The excerpts below are from an op-ed by Hussain Abdul-Hussain recently published in Lebanon's The Daily Star entitled "Wake up Arabs, Obama may be a Menance."
A widespread impression increasingly evident in the Middle East is that the election of the Democratic candidate Barack Obama in the American presidential election will serve the Arabs' best interests. This is false. Any US president will have to tackle three main issues in the region. According to American priorities, these are Iraq, a nuclear Iran and the Palestinian-Israeli conflict.
The Daily Star dismantles Obama on three platforms, starting with Iraq:
On Iraq, Obama has so far promoted one idea, popular among Americans, though not necessarily wise: He plans to withdraw US troops from the country according to a predetermined timetable, regardless of realities on the ground. Americans have become exhausted with losing lives and treasure. Many Iraqis place "national honor" above anything else. Yet only a few on either the American or the Iraqi side actually support Obama's rigid withdrawal plan.
A majority of Iraqis, their elected Parliament and Cabinet also oppose a hasty American withdrawal. Realizing the dangerous consequences of a vacuum, Iraqis don't seem in a hurry to demand an American withdrawal, even if they are not enthusiastic about the US presence in their country.
Attacks continue on Obama's Iran plans:
On Iran, Obama has made it clear that he would reverse the current administration's policies by sending American officials to negotiate with Tehran over its nuclear program. But then what?
President George W. Bush's administration, despite its often aggressive foreign policy approach, has so far taken a backseat in dealing with Iran, restricting its pressure to diplomacy and sanctions coordinated with the Europeans, Russia and China. Just as it has been unproductive for the US to go to war alone, it would similarly be counterproductive for it to circumvent its partners through unilateral diplomacy.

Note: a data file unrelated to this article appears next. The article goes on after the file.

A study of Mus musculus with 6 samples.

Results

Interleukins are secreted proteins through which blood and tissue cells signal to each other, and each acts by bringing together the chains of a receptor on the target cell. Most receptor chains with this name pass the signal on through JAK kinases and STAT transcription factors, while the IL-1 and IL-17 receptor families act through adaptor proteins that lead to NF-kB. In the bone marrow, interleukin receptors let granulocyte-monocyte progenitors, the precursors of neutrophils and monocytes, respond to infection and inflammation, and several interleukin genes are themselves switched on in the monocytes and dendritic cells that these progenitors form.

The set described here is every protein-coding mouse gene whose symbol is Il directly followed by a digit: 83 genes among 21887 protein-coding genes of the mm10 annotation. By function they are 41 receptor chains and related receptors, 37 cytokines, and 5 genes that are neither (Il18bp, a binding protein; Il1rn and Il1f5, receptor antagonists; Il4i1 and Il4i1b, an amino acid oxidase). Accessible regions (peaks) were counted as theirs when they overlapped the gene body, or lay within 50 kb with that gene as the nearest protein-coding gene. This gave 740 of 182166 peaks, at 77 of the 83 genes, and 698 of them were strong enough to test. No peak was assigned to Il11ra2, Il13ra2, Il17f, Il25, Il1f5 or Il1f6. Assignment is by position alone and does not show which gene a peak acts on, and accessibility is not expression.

If Obama talks to Iran alone, he might well end up handing it leverage to turn the international community against each other. As such, Iran's ayatollahs could inch closer to producing a nuclear weapon, the mere thought of which has so far terrified the Gulf states and their peoples.
In the Palestinian-Israeli conflict, the Arab rationale favoring Obama's election has it that since Obama has expressed his willingness to engage in peace talks from his first day in office, this signals good times ahead. Where Obama stands on the issue of borders, on Jerusalem and Palestinian refugees is still unknown and probably undetermined, which makes all Palestinian arguments favoring his election as yet unfounded.
In sum, its a clear warning to the Arab world:
Arabs should look further than Obama's second name of Hussein or his family's Muslim roots. They should beware of his lack of experience in a region where even experts often fail to anticipate what comes next.